The ‘Language Divide’ as a bone of contention from the time India achieved independence and the subsequent need for a national language emerged, saw a new dimension in the address of the Prime Minister on the anniversary of the NEP.
The NEP in adopting degree programmes and Engineering courses in regional languages such as Bengali, Marathi, Tamil and Telugu could touch the chords of many of the native speakers of these languages. The course curriculum in mother tongue could be the cure for the alienation of people that occurred due to lack of adequate skills in English. Accessibility to English language, and more so, to use of English proficiently was inevitably connected to affluence. Thus, poverty was a major obstacle on the path to learning English and hence success eluded many of the talented natives of India. This provision of education in regional languages could bridge the language divide created by poverty.
However, the fact that only four out of the hundred plus regional languages could take up the challenge of offering courses reiterates the fact that designing the curriculum for these courses in the regional languages of India, is no mean feat. Academic knowledge especially technical knowledge is global in reach and such knowledge is preserved and mostly disseminated in the global language which is English. This globally generated knowledge needs to be translated into regional languages at affordable costs so that it can be accessed by regional language users. The role of the translators in bringing the global to the local and thereby bridging the gap of the language divide, needs to be factored into the equation.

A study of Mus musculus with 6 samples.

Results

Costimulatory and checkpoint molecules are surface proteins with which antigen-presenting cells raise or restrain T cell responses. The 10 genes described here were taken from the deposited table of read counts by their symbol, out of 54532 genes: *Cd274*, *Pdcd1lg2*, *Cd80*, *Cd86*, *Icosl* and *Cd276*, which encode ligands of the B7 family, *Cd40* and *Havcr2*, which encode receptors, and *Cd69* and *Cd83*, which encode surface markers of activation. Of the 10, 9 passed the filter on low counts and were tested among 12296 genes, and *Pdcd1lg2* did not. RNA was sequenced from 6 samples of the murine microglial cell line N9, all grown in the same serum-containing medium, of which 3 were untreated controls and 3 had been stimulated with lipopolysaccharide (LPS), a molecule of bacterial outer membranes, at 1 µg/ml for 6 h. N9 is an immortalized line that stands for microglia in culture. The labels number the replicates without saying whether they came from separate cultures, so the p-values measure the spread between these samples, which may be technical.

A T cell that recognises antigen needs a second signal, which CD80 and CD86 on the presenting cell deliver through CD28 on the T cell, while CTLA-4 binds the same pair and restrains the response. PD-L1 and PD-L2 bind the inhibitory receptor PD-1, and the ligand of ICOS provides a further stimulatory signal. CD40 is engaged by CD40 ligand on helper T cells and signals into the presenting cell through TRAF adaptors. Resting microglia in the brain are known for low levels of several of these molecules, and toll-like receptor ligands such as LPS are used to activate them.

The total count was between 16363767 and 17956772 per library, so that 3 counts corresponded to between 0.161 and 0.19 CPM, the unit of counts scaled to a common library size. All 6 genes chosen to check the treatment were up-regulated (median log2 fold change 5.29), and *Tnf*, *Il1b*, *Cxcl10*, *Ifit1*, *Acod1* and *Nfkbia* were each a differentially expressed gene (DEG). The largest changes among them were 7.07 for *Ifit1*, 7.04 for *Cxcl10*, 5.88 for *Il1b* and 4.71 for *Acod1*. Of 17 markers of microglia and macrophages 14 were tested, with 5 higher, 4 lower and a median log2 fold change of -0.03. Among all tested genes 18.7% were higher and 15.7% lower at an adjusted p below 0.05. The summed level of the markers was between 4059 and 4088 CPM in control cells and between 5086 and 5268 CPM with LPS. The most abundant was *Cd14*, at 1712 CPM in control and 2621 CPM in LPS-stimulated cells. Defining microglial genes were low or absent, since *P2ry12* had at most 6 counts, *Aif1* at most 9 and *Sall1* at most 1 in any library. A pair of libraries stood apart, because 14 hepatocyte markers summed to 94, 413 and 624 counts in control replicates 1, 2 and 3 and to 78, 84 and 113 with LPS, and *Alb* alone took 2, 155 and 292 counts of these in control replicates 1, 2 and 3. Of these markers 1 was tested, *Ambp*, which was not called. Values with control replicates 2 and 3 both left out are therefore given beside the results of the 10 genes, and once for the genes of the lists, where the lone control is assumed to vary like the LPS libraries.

On the other hand, the introduction of play schools where mother tongue is the preferred language needs modest investment in terms of course curriculum. Although there has been concerns on what could be the preferred language for the child, it is worth mentioning that a child has the ability to learn more than one language used in his or her world. Moreover, the divide between learning a language and learning the content of a subject through a language must be taken into consideration.
Research shows that children exposed to more than one language learn different contents in different languages. For example, numbers could be always in English and food could be always I Odia for a child exposed to both English and Odia. Content learning in child’s preferred language is another means to bridge the gap in language divide created through the exposure to many languages.
The most outstanding feature of the NEP anniversary gift was certainly the introduction of Indian Sign Language to the language curriculum for schools. This will help bridge the language divide between those who can use ‘sign only’ and those who can use ‘sign, sound, and symbol’ of language.
Language use entails the synchronization of sound and symbol and anyone who is devoid of learning either sound or symbol or both could use signs only as the language of communication. Language is meant for communication and communication through language is the unique ability of the human species. Communication through language is meant to bring human beings together for a peaceful society. However, language has created the most deplorable divisions in 21 st century India which is home to an incredible number of languages and dialects. Hope the divide created by languages, and of languages, and for languages in a multilingual nation like India gets, at least partially cured, if not completely resolved, through the provisions of use of mother tongue prescribed in the NEP 2020.
Views expressed above are the author’s own.